National, state and local reps gather to mark completion of Woodburn Interchange project
Gov. Kate Brown joined national, state and local dignitaries Monday morning to celebrate the completion of the $70 million Woodburn Interchange Project.
The ceremony at the Woodburn Memorial Transit Facility took only an hour, but it was decades in the making.
City Council President Frank Lonergan speaking on behalf of the city and Mayor Kathy Figley, who was unable to attend the event said that before this interchange, the last time the highway overpass and exit ramps had been upgraded, Woodburn had a population of about 3,500.
Through the years, the intersection of Interstate 5 and Highway 214/219 became notorious for gridlock, for both local drivers and those passing through.
There were a couple of generations of Woodburn city leaders who fought for interchange improvements, Lonergan said.
The turning point came in 2009, with the states passage of the Jobs and Transportation Act (JTA), which contributed $43 million to the project.
But many of those who spoke at the event including Brown, U.S. Rep. Kurt Schrader, state Senate President Peter Courtney, state Rep. Betty Komp and Oregon Department of Transportation Director Matt Garrett praised the city of Woodburn for stepping up to commit $8 million of local funding.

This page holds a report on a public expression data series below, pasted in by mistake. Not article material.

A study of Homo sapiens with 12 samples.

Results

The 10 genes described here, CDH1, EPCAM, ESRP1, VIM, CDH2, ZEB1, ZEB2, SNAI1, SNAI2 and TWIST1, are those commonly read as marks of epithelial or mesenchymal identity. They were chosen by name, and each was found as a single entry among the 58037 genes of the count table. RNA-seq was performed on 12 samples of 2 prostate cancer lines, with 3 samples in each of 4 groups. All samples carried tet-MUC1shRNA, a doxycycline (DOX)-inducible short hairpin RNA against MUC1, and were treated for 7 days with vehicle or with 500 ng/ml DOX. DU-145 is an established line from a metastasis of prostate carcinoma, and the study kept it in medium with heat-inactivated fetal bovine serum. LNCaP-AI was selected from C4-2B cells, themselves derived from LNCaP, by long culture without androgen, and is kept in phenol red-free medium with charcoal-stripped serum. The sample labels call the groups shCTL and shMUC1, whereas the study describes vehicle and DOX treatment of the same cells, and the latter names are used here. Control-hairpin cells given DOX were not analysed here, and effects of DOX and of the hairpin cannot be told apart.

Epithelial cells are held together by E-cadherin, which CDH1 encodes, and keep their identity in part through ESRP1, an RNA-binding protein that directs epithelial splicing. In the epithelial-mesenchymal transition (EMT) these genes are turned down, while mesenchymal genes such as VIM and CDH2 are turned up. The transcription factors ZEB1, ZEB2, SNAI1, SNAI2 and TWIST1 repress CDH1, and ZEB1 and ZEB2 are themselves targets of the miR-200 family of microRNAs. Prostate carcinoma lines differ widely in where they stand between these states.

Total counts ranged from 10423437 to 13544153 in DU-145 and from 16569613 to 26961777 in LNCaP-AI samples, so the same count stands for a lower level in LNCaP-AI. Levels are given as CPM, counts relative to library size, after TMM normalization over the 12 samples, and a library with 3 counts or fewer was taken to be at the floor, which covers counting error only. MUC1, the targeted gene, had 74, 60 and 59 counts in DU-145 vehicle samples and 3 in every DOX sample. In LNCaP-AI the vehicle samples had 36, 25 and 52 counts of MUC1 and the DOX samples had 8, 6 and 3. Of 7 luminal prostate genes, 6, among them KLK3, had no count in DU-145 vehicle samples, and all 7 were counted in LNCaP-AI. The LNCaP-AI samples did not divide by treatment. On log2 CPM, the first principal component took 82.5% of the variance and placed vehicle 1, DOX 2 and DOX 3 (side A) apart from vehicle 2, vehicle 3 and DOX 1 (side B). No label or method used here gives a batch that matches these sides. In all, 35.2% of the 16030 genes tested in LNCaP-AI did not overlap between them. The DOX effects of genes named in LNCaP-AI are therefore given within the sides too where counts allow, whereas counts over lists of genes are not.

That is real skin in the game for this community, Garrett said. Simply put, we would not be standing here without the citys support of this project.
When a city this size comes up with $8 million, that is incomprehensible, Courtney added. That is the most extraordinary statement about transportation roads, bridges and culverts that you can make.
Brown took note of the spirit of cooperation between various levels of government that made the dream a reality.
This project is a great example of the Oregon way: collaborating to make meaningful changes that make Oregonians lives better, Brown said.
Much praise was also heaped on the projects contractor, K & E Excavating, of Salem, which finished the complex and multi-faceted construction project on budget and one year early while keeping the busy interchange open to thousands of motorists each day.
Ahead of schedule, under budget how often do you hear that? Courtney quipped.
Lonergan said the project has already reaped dividends for the area in terms of reduced congestion and greater economic development, and has left the city primed for more prosperity and a better quality of life in the future.
We want to let the nation and the great state of Oregon know, were open for business, he remarked. Come and see us.